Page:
Who was Sang Nila Utama? What was life like in early, pre-colonial Singapore? It seems archaeology seems to attempt to answer some of these questions.
The Southeast Asian Archeology site is one of only a few that tracks archeological digs around Singapore. The sites explored include Fort Canning, Istana Kampong Glam, Fort Tanjong Katong, Palmer Road, Padang and St Andrew's Cathedral with the respective site reports found on each of these pages. Also appended is Miksic's "Recent archaeological excavations in Singapore" for a survey of what some of these digs have revealed about early Singapore. John Miksic is the patron saint of archaeology in Singapore. Hear what he has to say about local archeology, his own calling to this profession and his experiences. Or read more about the findings from some of the digs.
Another website by MA student Noel Tan - Southeast Asian Archaeology - updates readers on both local and other Southeast Asian archaeological excavations. His primer (Part 1 and Part 2) on the Srivijaya Kingdom lists an overview of the Buddhist empire that stretched from Java to Thailand spanning 600 years of rule. Consider his fascinating 3-part story - the many places of Singapore - of how Singapore (Simhapura) could have been a reference to other places besides this fine island. SheilaX gives an informative and articulate overview of the ancient history of the region and the comments that follow after her article are just as interesting.
We return to Sabrizain's Sejarah Melayu for a visual tapestry of this historical period, including the Buddhist and Hindu eras of the Malaya Archipelago.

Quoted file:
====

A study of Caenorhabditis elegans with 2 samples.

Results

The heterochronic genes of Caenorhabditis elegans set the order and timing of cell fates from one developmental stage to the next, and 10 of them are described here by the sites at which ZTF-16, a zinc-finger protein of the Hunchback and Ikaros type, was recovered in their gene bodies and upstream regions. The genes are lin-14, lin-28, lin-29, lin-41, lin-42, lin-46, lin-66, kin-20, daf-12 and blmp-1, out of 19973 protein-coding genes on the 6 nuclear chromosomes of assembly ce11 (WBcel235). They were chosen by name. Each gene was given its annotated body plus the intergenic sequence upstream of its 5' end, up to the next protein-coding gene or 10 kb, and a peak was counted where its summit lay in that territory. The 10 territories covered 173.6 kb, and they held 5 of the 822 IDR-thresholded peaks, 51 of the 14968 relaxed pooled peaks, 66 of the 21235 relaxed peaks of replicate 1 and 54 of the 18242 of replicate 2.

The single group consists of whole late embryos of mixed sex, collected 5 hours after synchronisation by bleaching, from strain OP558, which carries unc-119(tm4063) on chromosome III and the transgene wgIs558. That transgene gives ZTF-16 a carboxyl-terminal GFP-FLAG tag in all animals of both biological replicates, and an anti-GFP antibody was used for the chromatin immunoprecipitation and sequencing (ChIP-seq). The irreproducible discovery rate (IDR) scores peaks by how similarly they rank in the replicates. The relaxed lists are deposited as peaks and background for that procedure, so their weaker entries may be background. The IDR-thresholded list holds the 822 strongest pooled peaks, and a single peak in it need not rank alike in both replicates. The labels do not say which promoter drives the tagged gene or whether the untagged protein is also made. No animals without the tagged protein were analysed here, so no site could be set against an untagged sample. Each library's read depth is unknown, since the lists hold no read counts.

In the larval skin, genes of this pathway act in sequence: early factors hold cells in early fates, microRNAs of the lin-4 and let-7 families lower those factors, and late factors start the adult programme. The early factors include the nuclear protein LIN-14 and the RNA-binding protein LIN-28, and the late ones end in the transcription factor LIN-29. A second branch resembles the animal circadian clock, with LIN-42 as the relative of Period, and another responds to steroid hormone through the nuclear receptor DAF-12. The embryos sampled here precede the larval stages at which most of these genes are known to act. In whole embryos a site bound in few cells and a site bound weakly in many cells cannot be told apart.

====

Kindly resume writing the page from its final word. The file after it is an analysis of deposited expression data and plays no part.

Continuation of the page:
The Srivijaya and Majapahit Kingdoms were centred in Sumatra and Java respectively and thus more detailed information of these early histories are generally found in websites concerning the early history of Indonesia. For example Indahnesia has a good number of articles covering these early kingdoms and more.
Ancient Singapore is invariably linked with the Singapore Stone of which little is left. For a detailed insight to this mysterious slab, check out the Wikipedia article on the Singapore Stone, the bulk of it written by Jack Lee.
However, Lim Chen Sian dispels the common perception that archaeology is about the distant past. He gives some insights to life as an archaeologist in his interview with RSI. But for the real deal, watch Invisible City, Tan Pin Pin's incredible documentary on Singapore's hidden side where Lim gives viewers a visual tour of his "office" and the work done there.
Keen to study more about Singapore's history and archaeology? Check out what NUS offers in its History and Culture section or visit the KaalaChakra exhibition on Indian influences in Southeast Asia, on at the National Library from 17 November to 16 May 2008.